Update: Employment Act Will Cover All Employees Effective 1 January 2023 (With Some Exceptions)

The amendments to the First Schedule of the Employment Act 1955 (“EA”) were gazetted on 15 August 2022, which widens the scope of employees covered by the EA. Initially, this was to be implemented effective 1 September 2022. However, the Minister of Human Resources announced on 26 August 2022 that the implementation of the amendments will be deferred to 1 January 2023 (subject to the changes being gazetted).

Effective 1 January 2023, the EA will apply to all employees. However, employees whose wages exceed RM4,000 a month will not be entitled to overtime and/or termination benefits. Previously, overtime and termination benefits were payable for employees who earn RM2,000 and below and/or who are involved in manual labour.

Click here to read our earlier article about how the EA amendments may affect you.

 

Which parts of the EA do not apply to employees earning above RM4,000 a month?

These provisions will not apply to employees earning above RM4,000 per month:

  • Work and overtime payments on rest days
  • Overtime payments for work in excess of normal hours of work
  • Shift work allowance
  • Work, allowance and overtime payments on public holidays
  • Termination, lay-off and retirement benefits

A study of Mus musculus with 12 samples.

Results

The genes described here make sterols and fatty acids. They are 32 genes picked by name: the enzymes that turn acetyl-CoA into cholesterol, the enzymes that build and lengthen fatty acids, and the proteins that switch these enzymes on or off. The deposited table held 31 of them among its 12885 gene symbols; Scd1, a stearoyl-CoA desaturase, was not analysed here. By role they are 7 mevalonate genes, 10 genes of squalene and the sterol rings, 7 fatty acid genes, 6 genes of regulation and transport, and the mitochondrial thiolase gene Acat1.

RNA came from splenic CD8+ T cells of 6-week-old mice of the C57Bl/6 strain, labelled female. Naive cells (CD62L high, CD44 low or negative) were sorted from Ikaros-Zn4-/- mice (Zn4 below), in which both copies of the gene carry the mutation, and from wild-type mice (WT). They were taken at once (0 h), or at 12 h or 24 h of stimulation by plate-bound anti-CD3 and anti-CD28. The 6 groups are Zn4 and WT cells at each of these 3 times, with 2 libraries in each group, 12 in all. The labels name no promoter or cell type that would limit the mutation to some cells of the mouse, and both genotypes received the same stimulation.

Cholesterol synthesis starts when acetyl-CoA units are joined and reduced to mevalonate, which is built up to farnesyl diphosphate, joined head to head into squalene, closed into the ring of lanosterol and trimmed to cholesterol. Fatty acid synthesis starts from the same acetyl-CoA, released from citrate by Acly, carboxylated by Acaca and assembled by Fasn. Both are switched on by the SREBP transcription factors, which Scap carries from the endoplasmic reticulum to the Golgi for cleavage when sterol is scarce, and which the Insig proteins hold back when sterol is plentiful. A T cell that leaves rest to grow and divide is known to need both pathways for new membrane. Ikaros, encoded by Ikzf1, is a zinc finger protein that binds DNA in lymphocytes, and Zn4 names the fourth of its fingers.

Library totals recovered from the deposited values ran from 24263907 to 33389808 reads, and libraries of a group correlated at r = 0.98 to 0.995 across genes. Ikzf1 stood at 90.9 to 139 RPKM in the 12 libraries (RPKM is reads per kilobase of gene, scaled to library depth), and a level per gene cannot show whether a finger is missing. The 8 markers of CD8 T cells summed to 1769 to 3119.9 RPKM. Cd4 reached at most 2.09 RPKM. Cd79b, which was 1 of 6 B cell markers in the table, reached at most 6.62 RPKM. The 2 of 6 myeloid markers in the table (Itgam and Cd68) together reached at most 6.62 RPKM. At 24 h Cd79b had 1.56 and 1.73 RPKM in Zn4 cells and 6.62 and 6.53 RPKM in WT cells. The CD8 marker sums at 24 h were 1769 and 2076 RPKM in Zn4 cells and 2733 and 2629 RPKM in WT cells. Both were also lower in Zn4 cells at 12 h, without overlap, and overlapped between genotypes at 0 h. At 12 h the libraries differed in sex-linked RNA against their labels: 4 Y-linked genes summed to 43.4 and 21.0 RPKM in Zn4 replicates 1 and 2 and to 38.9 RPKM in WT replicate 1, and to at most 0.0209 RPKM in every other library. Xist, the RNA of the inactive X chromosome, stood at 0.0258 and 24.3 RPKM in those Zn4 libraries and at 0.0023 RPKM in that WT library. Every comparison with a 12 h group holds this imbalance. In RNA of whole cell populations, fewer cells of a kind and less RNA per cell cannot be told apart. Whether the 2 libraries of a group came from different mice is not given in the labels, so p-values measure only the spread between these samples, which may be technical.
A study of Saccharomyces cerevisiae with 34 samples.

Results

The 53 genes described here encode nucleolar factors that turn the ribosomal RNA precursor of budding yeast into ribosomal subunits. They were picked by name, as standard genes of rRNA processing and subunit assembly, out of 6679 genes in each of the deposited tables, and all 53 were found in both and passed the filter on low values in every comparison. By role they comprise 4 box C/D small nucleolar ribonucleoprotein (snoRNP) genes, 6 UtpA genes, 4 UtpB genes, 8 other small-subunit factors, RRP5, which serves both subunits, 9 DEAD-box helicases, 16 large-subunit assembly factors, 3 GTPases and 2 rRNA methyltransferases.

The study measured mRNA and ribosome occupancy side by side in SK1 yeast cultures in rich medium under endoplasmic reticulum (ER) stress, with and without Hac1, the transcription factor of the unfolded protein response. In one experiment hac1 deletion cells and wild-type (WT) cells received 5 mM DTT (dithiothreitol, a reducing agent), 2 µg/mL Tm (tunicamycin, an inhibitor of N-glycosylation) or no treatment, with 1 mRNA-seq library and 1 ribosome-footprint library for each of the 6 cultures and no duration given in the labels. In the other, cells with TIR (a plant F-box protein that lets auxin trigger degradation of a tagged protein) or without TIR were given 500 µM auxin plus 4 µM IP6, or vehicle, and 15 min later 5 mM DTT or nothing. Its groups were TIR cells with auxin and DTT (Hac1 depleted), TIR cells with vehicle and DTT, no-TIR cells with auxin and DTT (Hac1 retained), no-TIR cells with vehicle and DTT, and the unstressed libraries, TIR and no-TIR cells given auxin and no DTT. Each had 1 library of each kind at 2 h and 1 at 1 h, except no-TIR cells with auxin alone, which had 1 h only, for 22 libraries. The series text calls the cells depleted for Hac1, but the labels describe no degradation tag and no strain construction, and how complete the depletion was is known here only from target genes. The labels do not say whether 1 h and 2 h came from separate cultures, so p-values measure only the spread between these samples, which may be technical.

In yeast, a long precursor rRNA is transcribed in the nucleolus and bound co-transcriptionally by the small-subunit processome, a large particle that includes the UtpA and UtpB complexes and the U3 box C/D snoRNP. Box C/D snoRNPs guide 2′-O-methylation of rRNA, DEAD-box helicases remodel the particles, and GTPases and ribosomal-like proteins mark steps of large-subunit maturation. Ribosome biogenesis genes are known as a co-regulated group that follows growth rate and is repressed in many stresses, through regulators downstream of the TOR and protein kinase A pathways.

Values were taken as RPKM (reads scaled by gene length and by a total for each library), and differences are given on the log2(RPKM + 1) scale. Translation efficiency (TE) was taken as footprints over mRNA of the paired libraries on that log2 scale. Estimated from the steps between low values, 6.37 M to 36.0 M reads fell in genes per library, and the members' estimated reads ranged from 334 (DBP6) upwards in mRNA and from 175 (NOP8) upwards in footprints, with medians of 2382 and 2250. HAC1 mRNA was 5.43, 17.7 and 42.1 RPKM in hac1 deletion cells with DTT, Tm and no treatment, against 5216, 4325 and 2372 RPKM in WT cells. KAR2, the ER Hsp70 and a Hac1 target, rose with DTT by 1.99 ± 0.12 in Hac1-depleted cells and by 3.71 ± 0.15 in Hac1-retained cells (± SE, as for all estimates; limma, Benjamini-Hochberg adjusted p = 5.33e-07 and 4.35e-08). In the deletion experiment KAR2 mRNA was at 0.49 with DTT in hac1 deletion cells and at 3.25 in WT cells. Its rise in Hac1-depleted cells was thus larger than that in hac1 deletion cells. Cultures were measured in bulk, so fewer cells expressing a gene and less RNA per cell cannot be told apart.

What should employers do to comply?

Employers should first relook at their workforce arrangements to see if they comply with the EA. A crucial point is if you have any employees earning between RM2,000 to RM4,000. Previously these employees would not have been entitled to overtime, but now they would be. Companies would therefore have to ensure they have a proper overtime procedure/policy in place to cover these employees.

Now that the EA will apply to all employees, an audit of your employment contracts, policies and procedures should be done to ensure compliance. This includes benefits like public holidays, annual leave, sick leave, hospitalisation leave and notice periods. It also includes looking at procedural aspects of employment such as timing of wage payments, and deductions from salary.

 

My biggest concern is overtime; my organisation may not be ready to implement overtime for a large number of new employees by January 2023. What can we do?

Start by assessing your manpower and production needs from January 2023. As overtime is only done at the direction of the employer, you can put a hold on all overtime work until your organisation has the correct systems in place to address this change in the law.


Donovan & Ho is a law firm in Malaysia, and our employment practice group has built a reputation for providing strategic employment advice to local and global organisations.  Our team of employment lawyers provide advice on employment law and industrial relations including review of employment contracts, policies and handbooks, advising on workforce reductions, and managing dismissals of employees for poor performance or misconduct. We also represent clients in unfair dismissal claims and employment-related litigation. Have a question? Please contact us.